La. Boy, 15, Was Reported Missing and Then Found Dead — and Family Blames Police Delay
Quawan "Bobby" Charles, now the subject of a homicide investigation and "likely" victim of drowning, disappeared on Oct. 30
Quawan "Bobby" Charles was not a kid whose parents knew him to go anywhere without telling someone.
Quiet and shy, he enjoyed outdoor activities like fishing and four-wheeling in his native Louisiana. But he also lavished affection on a pit bull he'd named My Baby, along with the sheep, goats and horses on his father, Kenneth Jacko's, property in small-town Baldwin.
"He was loving," his cousin Celina Charles tells PEOPLE in this week's issue. "He was friendly and genuine, always smiling."
So when he went missing from his father's home on the afternoon of Oct. 30, Jacko and his ex-wife, Quawan's mom Roxanne Nelson, both felt it was out of character for the 15-year-old.
Hours passed. About 8 p.m., Nelson reported the teen's disappearance to police.
Four days later he was found dead, his body face-down in shallow water in a sugar cane field near Loreauville, about 25 miles from his father's home.
For more about the disappearance and suspected murder of Quawan "Bobby" Charles, subscribe now to PEOPLE or pick up this week’s issue, on newsstands Friday.
Baldwin police say they alerted the local St. Mary Parish Sheriff's Office and entered the report in a national database. But Quawan's family members say they had to become their own detectives, trying to trace the teen's whereabouts on their own by contacting his friends and asking neighbors when they'd last seen him.
Nelson fed the tip to Baldwin police. They interviewed the friend's mom and confirmed the details including, according to the friend's mom, that Quawan had later left the friend's house on his own.
But since that sighting was in neighboring Iberia Parish, Nelson was told she'd have to report Quawan missing there as well. When she did, she pleaded with the local Iberia Parish Sheriff's Office to ping her son's missing cell phone -- a step Baldwin's Assistant Chief of Police Sam Wise later said his department did not have the technology to do.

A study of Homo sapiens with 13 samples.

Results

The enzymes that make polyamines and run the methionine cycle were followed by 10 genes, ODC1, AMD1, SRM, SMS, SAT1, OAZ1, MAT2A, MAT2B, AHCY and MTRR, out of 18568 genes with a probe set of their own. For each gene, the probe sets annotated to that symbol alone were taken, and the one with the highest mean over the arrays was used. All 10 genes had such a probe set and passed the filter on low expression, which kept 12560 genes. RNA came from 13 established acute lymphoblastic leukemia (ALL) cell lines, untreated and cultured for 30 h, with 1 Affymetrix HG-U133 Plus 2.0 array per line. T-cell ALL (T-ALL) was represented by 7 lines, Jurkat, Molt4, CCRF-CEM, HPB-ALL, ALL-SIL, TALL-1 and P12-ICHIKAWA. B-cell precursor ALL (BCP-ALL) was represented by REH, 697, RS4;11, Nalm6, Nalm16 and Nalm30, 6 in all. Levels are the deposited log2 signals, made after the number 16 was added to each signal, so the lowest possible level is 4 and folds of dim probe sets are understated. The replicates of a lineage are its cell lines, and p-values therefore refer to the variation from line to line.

After doing so, Iberia Parish deputies were able to narrow a search to where Quawan's body was found.
The delayed discovery has the family, their attorneys and local activists questioning whether valuable time was lost, and why the media wasn't alerted before Quawan's body was recovered. As they've put a spotlight on law enforcement's actions, Quawan's death has been mourned nationwide.
After the coroner ruled Quawan died from "likely drowning" in water that his family's attorneys say was no more than a foot or two deep, Iberia Sheriff Tommy Romero says his office is treating the investigation as a homicide.
"Had they responded like a 15-year-old white girl was lost," says Jamal Taylor, co-founder of the nonprofit minority rights advocacy group Stand Black tells PEOPLE, "it's my thought that Quawan would have been found alive."
Quawan's case will be featured on Friday's episode of PEOPLE (the TV Show!).